The organisation responsible for the Oscars, the Academy of Motion Picture Arts and Sciences, has revealed that it is planning to honour late basketball star Kobe Bryant during the 2020 Oscars telecast on February 9, according to The Hollywood Reporter.
While the overwhelming majority of Bryant's fans remember him for his unparalleled accomplishments on the basketball court, Kobe was also an Oscar-winning producer for his 2017 autobiographical animated short film Dear Basketball, which he also wrote and voiced.
Kobe, 41, was killed in a helicopter crash amid uncharacteristically foggy conditions on January 26, in Calabasas, California, along with his 13-year-old daughter Gianna and seven others.
News of his sudden death sent shock waves throughout both the sports and entertainment worlds, with athletes, actors and various institutions alike honouring the Los Angeles Lakers icon via social media.
AMPAS itself paid tribute to Bryant Sunday following the fatal accident, posting a smiling picture of the Oscar winner holding his statuette at the 2018 ceremony.
The touching caption read, 'They doubted a kid could make it in the NBA and he proved them wrong. They doubted he could win a championship and he proved them wrong. They doubted he could make movies and he won an Oscar. Like all great artists, Kobe Bryant proved the doubters wrong. Rest in peace.'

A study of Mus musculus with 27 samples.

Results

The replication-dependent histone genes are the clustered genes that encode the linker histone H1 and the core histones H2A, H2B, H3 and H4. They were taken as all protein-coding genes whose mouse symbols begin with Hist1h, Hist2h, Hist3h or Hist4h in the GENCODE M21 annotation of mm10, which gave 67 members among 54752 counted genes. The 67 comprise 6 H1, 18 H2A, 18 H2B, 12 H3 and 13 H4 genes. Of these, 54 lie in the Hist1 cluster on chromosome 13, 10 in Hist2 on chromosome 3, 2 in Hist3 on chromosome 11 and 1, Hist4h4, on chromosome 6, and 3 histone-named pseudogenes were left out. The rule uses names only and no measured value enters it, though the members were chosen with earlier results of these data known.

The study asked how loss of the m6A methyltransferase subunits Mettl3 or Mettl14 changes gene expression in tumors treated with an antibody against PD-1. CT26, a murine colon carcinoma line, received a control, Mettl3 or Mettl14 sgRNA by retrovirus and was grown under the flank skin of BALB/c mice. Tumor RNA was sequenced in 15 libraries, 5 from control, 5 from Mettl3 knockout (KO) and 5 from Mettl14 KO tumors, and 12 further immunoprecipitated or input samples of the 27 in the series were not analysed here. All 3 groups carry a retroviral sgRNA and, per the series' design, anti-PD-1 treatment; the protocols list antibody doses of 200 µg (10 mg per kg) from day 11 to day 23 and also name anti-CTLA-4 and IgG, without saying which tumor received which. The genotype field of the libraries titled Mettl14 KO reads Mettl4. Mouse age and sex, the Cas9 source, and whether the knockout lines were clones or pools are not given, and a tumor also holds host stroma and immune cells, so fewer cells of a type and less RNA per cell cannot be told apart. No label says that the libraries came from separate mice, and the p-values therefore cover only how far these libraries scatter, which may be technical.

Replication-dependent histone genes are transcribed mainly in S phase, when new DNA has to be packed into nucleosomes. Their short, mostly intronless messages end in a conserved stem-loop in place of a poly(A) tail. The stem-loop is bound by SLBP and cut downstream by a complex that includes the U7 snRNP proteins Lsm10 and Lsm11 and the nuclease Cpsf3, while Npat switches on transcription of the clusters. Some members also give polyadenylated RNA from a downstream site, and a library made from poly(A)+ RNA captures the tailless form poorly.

Before his untimely death, Bryant was the producer, writer and host of ESPN+ series Detail, which is an in-depth basketball analysis show examining how the game is played and won.
He had major plans to continue his career in Hollywood.
It is unclear whether the late athlete will simply be included in the 'In Memoriam' segment of the Oscars ceremony as a producer among other fallen stars from the past year, or whether he will be remembered separately.
Condolences began pouring in after Bryant's Sikorsky S-76 crashed in Calabasas just before 10 am on Sunday.
The helicopter struck a hillside and immediately caught fire, killing all those on board. Along with Bryant and his daughter, the other victims included Orange County Coast College coach John Altobelli and his wife, Keri, as well as their 13-year-old daughter, Alyssa; youth basketball coach Christina Mauser; Sarah Chester and her daughter, Payton; and pilot Ara Zobayan.